Yesterday I had a great conversation with a client about finding your purpose in work. This talented lady runs a successful consulting business in her field of expertise, but recently took some time out to think about making some changes to better align with her ‘why’ for getting up and going to work each day! She has been undergoing a process of deep thinking to uncover what that means for her.
Since my work on personal brands by necessity addresses the issue of core purpose, I thought I’d share some tools I have personally found helpful and that are helpful for my clients to explore prior to going through a personal branding process. These are not my own, but exercises I’ve picked up and tried and tested along the way.
Exercises to help you find your core purpose in work
- Write 101 goals. They can be as simple as reading that book you’ve been meaning to, or as complex as improving an important relationship in your life. They can be easy to achieve or wildly huge! Write anything and everything you would like to achieve, personally and professionally. The only rule is, keep writing until you have 101 goals. You will likely have to push yourself to get to 101 and uncover some things you didn’t know were there!
- Write 3 lists: Everything you enjoy doing, everything you’re good at and everything that gives you a sense of purpose. Then look for common themes.
- Recall flow states (when your mind is so engaged that time passes quickly and you don’t notice anything else) – what were you doing?
I find that with these types of activities, it’s important to find a good chunk of time to be alone and uninterrupted, preferably in a space away from your usual routines, that inspires you (the beach for me!). It’s important to write and write without thinking or editing – you can then go back and dissect it!
Get specific to get clear
It’s also really important to get specific about the activities that give you the most sense of purpose. So, it’s not just ‘helping people’… In what ways? To what end? Not just ‘I love research’, but what about researching lights you up inside?
What do your favourite work activities achieve and for whom? Why does that matter? These are the sorts of questions I challenge clients on!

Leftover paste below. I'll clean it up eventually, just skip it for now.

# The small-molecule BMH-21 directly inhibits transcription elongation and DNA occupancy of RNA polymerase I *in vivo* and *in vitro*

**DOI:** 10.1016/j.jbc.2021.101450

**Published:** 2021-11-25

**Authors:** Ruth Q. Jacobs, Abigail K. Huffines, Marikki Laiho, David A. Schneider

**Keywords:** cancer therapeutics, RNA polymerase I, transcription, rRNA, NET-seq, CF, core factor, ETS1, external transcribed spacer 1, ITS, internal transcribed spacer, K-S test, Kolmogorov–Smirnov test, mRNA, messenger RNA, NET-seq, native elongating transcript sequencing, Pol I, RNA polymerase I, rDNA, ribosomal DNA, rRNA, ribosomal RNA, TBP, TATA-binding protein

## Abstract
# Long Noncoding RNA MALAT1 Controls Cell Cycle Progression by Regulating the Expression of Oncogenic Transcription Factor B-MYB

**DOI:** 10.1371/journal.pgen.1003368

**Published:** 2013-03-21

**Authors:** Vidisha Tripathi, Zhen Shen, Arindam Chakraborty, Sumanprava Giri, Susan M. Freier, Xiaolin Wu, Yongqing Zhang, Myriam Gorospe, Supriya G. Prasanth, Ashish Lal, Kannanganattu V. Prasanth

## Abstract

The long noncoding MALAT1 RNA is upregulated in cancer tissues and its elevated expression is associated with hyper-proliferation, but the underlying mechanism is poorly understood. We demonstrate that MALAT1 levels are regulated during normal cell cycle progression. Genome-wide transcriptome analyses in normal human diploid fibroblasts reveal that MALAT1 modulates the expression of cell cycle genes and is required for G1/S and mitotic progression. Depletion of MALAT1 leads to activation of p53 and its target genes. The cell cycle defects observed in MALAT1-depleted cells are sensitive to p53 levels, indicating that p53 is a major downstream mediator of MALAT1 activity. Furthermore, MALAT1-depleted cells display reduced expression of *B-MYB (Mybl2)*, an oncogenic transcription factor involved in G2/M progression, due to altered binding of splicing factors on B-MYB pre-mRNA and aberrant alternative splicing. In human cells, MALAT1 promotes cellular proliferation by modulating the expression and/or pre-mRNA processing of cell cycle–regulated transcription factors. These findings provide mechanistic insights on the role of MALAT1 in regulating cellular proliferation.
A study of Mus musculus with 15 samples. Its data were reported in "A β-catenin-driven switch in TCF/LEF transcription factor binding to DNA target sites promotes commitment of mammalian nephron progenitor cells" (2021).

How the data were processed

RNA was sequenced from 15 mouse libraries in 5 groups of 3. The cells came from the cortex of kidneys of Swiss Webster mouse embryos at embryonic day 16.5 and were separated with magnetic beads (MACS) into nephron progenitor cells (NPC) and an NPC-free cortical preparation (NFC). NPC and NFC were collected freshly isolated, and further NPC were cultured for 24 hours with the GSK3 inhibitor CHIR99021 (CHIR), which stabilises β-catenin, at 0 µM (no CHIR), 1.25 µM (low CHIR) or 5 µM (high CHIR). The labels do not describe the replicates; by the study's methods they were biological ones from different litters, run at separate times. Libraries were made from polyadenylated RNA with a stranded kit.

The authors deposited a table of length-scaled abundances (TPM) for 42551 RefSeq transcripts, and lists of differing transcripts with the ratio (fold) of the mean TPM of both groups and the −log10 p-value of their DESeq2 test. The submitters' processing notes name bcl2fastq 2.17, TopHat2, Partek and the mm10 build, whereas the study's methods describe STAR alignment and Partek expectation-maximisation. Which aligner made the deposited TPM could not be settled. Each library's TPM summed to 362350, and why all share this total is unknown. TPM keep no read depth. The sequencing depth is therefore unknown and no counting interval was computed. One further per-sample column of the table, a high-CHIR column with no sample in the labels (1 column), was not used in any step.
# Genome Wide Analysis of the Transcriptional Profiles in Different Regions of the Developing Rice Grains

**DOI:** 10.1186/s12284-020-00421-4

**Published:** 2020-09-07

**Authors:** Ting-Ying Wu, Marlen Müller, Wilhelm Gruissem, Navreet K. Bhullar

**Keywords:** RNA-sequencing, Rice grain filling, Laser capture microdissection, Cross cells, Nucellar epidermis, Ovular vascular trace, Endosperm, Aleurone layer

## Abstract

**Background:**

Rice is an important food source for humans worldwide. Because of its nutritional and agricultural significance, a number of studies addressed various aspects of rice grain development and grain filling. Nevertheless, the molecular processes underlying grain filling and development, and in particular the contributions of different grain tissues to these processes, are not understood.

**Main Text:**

For example, I realised that what I loved the most about my days as a photographer was not the photography itself but capturing what was amazing about someone. When I was working in education, it was about building confidence in my students by focusing on what they could do really well and building on that. I realised that bringing out the best in people was a theme in all my work.
Your work may change, but your purpose doesn’t
This lead me to evolve my business from one that was based in visual image work to a consultancy specialising in personal brand strategy. Whether I am teaching a team, coaching one-on-one, writing, presenting or planning strategy for a client, I am always striving to help people uncover and highlight what is remarkable about them in the professional context. This is absolutely what gets me up in the morning.
The sad thing is, most people never give considered thought to what gets them up in the morning. People like the client above are rare.
I leave you with a quote, versions of which have been attributed to Einstein and Jung, but in Henry Ford’s words in 1928:
But there is a question in my mind whether, with all this speeding up of our everyday activities, there is any more real thinking. Thinking is the hardest work there is, which is the probable reason why so few engage in it.